News Release
 September 22, 2006
CONTACT: Tracy Pawelski

Williamsville, NY - TOPS Markets is joining forces with The National Center on Addiction and Substance Abuse (CASA) at Columbia University to celebrate the sixth annual Family Day - A Day to Eat Dinner with Your Children on September 25, 2006. Launched by CASA in 2001, Family Day is a growing national effort to prevent substance abuse in kids and teens by encouraging parental engagement and increased parent-child communication through having dinner together frequently. CASA's research has consistently shown that the more often children eat dinner with their families, the less likely they are to smoke, drink or use illegal drugs. Family Day helps remind busy families of the invaluable role that parental involvement plays in steering children and teens away from cigarettes, drugs and alcohol.

"The simple act of having dinner together is one of the most powerful ways a family can stay connected to each other," said Beth Holmes, director of health and wellness, TOPS Markets. "TOPS strives to offer busy families quick, easy and delicious menu ideas that allow them to spend their valuable time around the table instead of in the kitchen."

America's drug problem is not going to be solved in courtrooms or legislative hearing rooms by judges and politicians, It will be solved in living rooms and dining rooms and across kitchen tables - by parents and families, says Joseph A. Califano, Jr., CASA's chairman and president and the former U.S. Secretary of Health, Education, and Welfare. "'Parent Power' is the most potent and underutilized tool in preventing children from using substances to engage in risky behavior."

According to CASA's "The Importance of Family Dinners II" report, teens who eat dinner with their families six to seven times a week are at almost half the risk of substance abuse as teens who eat dinner with their families twice a week or less. Also, teens who eat dinner with their families often are likelier to do well in school and less likely to have sex at young ages, get into fights or be suspended from school. This pattern holds true regardless of a teen's sex, family structure or family socioeconomic level.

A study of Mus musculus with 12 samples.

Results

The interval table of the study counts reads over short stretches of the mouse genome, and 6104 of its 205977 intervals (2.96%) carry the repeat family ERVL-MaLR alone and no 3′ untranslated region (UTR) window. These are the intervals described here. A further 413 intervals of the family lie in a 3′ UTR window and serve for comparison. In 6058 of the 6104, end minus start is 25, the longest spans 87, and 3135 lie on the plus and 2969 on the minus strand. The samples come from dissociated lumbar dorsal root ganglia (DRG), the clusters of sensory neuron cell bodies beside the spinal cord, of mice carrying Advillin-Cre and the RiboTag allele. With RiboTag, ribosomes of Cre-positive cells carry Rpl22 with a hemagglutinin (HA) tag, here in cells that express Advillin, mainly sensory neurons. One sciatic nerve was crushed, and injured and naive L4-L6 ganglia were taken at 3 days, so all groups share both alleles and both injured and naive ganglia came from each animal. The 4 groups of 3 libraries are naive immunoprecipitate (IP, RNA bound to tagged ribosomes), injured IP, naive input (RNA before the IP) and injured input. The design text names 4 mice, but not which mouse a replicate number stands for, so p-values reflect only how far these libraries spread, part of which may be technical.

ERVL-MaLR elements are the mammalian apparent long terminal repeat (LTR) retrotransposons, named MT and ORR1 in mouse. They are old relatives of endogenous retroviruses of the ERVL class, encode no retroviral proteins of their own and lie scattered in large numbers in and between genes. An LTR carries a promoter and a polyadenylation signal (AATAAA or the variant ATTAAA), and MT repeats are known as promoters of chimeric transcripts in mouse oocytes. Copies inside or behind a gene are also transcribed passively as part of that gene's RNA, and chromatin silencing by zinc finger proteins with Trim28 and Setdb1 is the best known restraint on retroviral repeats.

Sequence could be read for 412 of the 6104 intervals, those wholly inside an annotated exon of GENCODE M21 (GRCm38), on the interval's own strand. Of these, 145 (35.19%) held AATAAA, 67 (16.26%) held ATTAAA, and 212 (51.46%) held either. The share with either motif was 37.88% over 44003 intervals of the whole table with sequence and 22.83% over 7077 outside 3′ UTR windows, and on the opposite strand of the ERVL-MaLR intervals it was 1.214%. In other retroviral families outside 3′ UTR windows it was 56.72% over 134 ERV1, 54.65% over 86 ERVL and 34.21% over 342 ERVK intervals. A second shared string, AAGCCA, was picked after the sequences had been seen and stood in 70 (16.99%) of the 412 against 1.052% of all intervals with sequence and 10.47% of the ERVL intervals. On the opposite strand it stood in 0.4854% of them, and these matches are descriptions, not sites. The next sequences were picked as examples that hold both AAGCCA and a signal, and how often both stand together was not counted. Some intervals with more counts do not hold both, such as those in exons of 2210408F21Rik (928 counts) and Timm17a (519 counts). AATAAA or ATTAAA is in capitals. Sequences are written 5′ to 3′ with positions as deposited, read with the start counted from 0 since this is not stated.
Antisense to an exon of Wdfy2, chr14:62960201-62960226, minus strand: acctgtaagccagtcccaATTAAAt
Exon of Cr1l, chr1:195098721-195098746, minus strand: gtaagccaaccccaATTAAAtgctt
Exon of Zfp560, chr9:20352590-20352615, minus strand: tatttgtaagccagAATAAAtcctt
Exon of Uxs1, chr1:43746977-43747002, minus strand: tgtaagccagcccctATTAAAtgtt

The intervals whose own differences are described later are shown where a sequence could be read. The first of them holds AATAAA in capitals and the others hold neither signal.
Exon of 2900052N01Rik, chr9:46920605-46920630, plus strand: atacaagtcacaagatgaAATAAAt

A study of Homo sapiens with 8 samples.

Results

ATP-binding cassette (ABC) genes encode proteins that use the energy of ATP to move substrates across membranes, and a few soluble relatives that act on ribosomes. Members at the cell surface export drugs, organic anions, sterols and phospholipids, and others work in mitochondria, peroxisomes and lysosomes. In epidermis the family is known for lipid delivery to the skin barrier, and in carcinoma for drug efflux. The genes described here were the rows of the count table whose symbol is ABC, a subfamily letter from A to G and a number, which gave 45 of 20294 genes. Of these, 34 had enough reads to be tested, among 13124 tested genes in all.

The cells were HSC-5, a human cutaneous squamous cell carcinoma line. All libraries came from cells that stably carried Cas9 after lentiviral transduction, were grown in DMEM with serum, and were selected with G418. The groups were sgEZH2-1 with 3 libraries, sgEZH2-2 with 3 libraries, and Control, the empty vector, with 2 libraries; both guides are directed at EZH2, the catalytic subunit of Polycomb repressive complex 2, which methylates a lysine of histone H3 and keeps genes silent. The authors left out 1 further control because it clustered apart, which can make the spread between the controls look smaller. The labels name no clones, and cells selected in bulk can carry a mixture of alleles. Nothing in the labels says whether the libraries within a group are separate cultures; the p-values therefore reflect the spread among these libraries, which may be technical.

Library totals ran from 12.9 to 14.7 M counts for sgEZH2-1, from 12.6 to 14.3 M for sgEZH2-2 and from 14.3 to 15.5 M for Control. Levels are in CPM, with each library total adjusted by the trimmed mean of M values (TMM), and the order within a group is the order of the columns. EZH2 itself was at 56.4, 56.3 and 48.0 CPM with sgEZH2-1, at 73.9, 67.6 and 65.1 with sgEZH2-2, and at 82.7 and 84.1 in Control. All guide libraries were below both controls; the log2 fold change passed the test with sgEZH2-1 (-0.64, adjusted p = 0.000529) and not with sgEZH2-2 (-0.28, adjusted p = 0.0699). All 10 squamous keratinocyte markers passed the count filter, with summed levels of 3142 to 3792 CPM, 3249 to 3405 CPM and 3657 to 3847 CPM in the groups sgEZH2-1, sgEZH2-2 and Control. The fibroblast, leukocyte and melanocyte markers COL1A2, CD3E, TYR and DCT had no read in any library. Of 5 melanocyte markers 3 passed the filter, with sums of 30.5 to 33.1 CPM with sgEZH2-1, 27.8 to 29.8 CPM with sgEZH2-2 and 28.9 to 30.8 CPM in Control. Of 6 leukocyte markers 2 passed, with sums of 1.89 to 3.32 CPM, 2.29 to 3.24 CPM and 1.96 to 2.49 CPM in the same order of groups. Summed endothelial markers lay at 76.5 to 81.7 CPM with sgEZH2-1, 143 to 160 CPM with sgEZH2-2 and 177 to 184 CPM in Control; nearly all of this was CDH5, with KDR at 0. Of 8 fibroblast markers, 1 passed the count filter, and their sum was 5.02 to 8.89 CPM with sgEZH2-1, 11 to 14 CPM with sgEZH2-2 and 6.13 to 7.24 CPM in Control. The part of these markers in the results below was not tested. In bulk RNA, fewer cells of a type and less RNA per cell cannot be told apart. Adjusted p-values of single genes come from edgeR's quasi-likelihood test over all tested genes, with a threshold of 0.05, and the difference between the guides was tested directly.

TOPS believes that celebrating Family Day is an important first step in helping to provide a substance free youth for children and teens. Customers are encouraged to visit stores and access the "Recipe Solutions" kiosks located in the meat departments of most stores. In addition, recipes can be found in TOPS' new, free healthy living booklet "Healthy Family Eating: There's No Place Like Home!" Available in all stores, this twelve-page booklet provides tips on how to gather the family to the table more often, as well as easy and healthy eating suggestions for breakfast, lunch, dinner and snacks, and delicious family meal recipes.

For more information about Family Day, visit And for suggestions on how parents can make meal time a family time more often and for additional information on the "Healthy Family Eating: There's No Place Like Home!" booklet, visit TOPS' website at

TOPS Markets, LLC, headquartered in Williamsville, NY is one of four retail-operating companies under Ahold USA and is a division of Giant Food Stores in Carlisle, PA. TOPS currently operates 119 TOPS Markets and 4 Martin's Super Food Stores. With nearly 16,000 associates, TOPS serves a three state market area. For more information about TOPS Markets or Martin's Super Food Stores, visit the companies' websites at or

TOPS Consumer Advisor's Suggestions on How You Can Make Mealtime A Family Time More Often

-Every Sunday, pick nights during the coming week when the family can eat together.

-Kids love traditions: create simple ones in your home such as "Friday is make-your-own-pizza night" and "Tuesday is Mexican night." Theme decorations make it fun too!

-Encourage children to create menu ideas and have them help with making a shopping list. Ask them to pick some healthy foods they would like to have.

-Encourage children to help with meal preparation. Very young children can rinse fruits and vegetables, pour ingredients, and mix. Older children can measure ingredients, cut soft foods with a table knife and use the microwave.

-Keep meals simple. Spend time on one-dish casseroles or use convenience foods. Foods such as frozen vegetables, prepared foods and ready to cook meats save time.

-Set a good example. Eat a variety of foods from the five food groups.

-Turn off the TV and radio so everyone can focus on conversation. Share what happened during the day with each other.